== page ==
Given the current economic news, contradictions and uncertainties, I’m reminded of my all-time favorite business story, something I shared here about the time of the last recession. And while we’re not officially in recession, it’s worth sharing again in today’s mixed business climate.

It’s the plight of the “Man Who Sold Hot Dogs,” author unknown, and its lesson is worth considering in light of circumstances found in every dealership these days.

There was a man who lived by the side of the road and sold hot dogs.

He was hard of hearing, so he had no radio.

He had trouble with his eyes, so he read no newspapers.

But he sold good hot dogs.

He put up signs on the highway telling how good they were.

He stood on the side of the road and cried, “Buy a hot dog, mister.”

And people bought.

So he increased his meat and bun orders.

He bought a bigger stove to take care of his trade.

He finally got his son home from college to help him out.

Then something happened.

His son said, “Father, haven’t you been listening to the radio?

Haven’t you been reading the newspapers?

There’s a big depression.

The European situation is terrible.

The domestic situation is worse.”

Whereupon the father thought:

Well my son’s been to college.

He read the papers and listens to the radio, and he ought to know.

So the father cut back on his meat and bun orders, took down his advertising signs and no longer bothered to stand out on the highway to promote his hot dogs.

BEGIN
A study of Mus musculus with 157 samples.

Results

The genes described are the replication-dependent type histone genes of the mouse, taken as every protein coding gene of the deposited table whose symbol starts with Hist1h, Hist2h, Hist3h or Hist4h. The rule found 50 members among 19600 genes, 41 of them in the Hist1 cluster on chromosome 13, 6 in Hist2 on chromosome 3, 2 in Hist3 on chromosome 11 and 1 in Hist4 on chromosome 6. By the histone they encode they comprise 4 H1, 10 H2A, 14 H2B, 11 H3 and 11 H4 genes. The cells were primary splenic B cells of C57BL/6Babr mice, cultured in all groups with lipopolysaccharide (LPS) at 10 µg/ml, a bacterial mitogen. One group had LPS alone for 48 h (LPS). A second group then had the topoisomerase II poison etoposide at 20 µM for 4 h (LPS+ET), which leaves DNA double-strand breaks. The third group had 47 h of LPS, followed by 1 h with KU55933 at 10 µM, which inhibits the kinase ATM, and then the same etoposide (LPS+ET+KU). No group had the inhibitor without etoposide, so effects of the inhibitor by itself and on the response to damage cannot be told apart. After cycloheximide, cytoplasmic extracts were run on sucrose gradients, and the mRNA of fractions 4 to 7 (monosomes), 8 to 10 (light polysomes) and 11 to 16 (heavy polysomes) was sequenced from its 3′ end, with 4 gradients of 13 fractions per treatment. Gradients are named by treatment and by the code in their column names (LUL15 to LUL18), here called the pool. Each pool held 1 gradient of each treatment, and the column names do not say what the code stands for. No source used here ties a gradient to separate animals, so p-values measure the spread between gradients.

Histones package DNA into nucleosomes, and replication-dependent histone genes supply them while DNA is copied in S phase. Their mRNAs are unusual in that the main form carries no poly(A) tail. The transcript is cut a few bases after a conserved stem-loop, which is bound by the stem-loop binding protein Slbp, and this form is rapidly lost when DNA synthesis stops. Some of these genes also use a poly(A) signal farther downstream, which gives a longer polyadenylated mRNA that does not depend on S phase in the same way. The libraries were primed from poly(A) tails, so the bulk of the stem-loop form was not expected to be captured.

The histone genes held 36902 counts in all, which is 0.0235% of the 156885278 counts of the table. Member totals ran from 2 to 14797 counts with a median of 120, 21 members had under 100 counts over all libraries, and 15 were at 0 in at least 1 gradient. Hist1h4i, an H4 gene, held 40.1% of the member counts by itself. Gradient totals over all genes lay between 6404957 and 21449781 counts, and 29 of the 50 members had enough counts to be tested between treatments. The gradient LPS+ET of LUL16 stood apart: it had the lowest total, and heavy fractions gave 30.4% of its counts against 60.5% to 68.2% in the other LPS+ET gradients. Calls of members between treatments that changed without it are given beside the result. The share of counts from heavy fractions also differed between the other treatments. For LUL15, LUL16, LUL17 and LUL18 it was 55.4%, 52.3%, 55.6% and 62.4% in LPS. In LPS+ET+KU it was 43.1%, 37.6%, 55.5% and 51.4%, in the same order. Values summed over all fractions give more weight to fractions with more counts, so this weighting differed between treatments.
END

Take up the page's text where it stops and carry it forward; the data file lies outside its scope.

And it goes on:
His hot dog sales fell almost overnight.

“You are certainly right, son,” the father said to the boy, “we are certainly in the middle of a depression.”

There’s no doubt that what we think and what we do today will dictate our success, or lack thereof, tomorrow, regardless of economic conditions. The man who sold hot dogs assumed someone else knew better. So without careful analysis and forethought, he decided to stop doing the very things that had made him successful — a self-fulfilling prophecy.

If there were ever a time to pause, identify and reflect on the things that have been keys to past success in the dealership, it is now. Analyze everything from major products to personnel, marketing promotions to customer relations efforts, messaging to management style. Nothing that impacts the daily successful operation of the dealership should be overlooked.

The goal is obvious. Unlike the man who sold hot dogs, listening to negative voices without doing your homework can produce a downturn regardless of circumstances. But taking time now to create detailed plans that can deliver continued success, regardless of the future economy, will do just that.